According to the Times from the “unpublished evidence” it appears that Nicola Sturgeon and those around her (chief of staff) were aware of the harrassment complaints against Salmond weeks before she told parliament she became of them.
What Sturgeon and her team have done is criminal, let’s see who ends up taking the fall and who squirms around the scandal.
Full article below…
Unpublished evidence lodged with an inquiry into the Alex Salmond affair has raised fresh concerns that the SNP leader, Nicola Sturgeon, misled parliament, in breach of the ministerial code.
It indicates that her team was aware of harassment complaints against her former boss and closest friend several weeks before she told parliament she became aware of them.
The material from Salmond’s former chief of staff, Geoff Aberdein, also supports claims made by the former first minister that Sturgeon’s administration leaked the identity of one of the women complaining about him — claims that Sturgeon rejected last week.
Labour has said that such an identification would represent an “extraordinary breach of confidentiality” and a “fundamental breakdown of trust”.
The Sunday Times has been given details of Aberdein’s evidence to the Scottish parliamentary committee investigating the SNP government’s unlawful handling of complaints against Salmond, who testified on Friday.
The disclosures increase the pressure on Sturgeon, who is due to appear before the inquiry on Wednesday. Knowingly misleading parliament is a breach of the ministerial code that should lead to resignation.
Sturgeon claimed on a number of occasions — including in evidence to parliament in 2019 — that she learnt of women’s complaints from Salmond himself, at a meeting in her Glasgow home on April 2, 2018.
Then, in an inquiry submission released last October, Sturgeon accepted she had met Aberdein about the matter in her office four days earlier, on March 29, 2018. She said she had “forgotten” about it, describing it as a “fleeting, opportunistic meeting”.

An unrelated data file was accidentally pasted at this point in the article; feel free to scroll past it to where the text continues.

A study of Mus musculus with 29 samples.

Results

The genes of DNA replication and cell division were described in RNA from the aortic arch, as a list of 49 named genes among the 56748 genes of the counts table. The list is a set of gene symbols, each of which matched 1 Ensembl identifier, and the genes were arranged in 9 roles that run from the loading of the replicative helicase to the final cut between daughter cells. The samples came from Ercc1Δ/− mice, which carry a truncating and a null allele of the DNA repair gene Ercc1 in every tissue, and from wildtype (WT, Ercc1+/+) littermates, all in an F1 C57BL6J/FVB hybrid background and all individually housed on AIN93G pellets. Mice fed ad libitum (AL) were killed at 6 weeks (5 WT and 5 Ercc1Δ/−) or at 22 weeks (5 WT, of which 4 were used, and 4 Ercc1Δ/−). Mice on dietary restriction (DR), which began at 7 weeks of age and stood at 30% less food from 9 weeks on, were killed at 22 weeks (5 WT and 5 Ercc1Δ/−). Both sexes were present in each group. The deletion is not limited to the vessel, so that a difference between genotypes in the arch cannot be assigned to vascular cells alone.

Aberdein’s evidence, which heaps pressure on Sturgeon, has been shared with members of the Holyrood inquiry committee but not published on legal grounds. It indicates Sturgeon’s team was aware of allegations at least as far back as early March, and that the identity of a complainant was passed to Aberdein, who then conveyed it to Salmond.
During his appearance at the inquiry on Friday, Salmond was asked whether he knew whether the name of a complainant was shared during a meeting with Aberdein, as a precursor to the meeting between Salmond and Sturgeon.
Salmond replied: “Yes,” saying he was told that by his former chief of staff, and that others knew it to be true. The committee is writing to Aberdein and others he spoke to at the time.
On Thursday, when pressed in parliament on whether the name of one of the women involved had been passed on, Sturgeon said: “To the very best of my knowledge, I do not think that happened.”
Labour MSP Jackie Baillie, a member of the inquiry committee, said: “In any other employment situation, if a complainant’s name was leaked, it would be a matter of gross misconduct. This would be a most extraordinary breach of confidentiality.”
The Scottish government was approached for comment. Aberdein did not comment.
SNP sources predict Leslie Evans, the head of Scotland’s civil service, will be ousted over her role in the affair. The SNP chief executive, Peter Murrell, who is also Sturgeon’s husband, and her chief of staff, Liz Lloyd, are also tipped to move.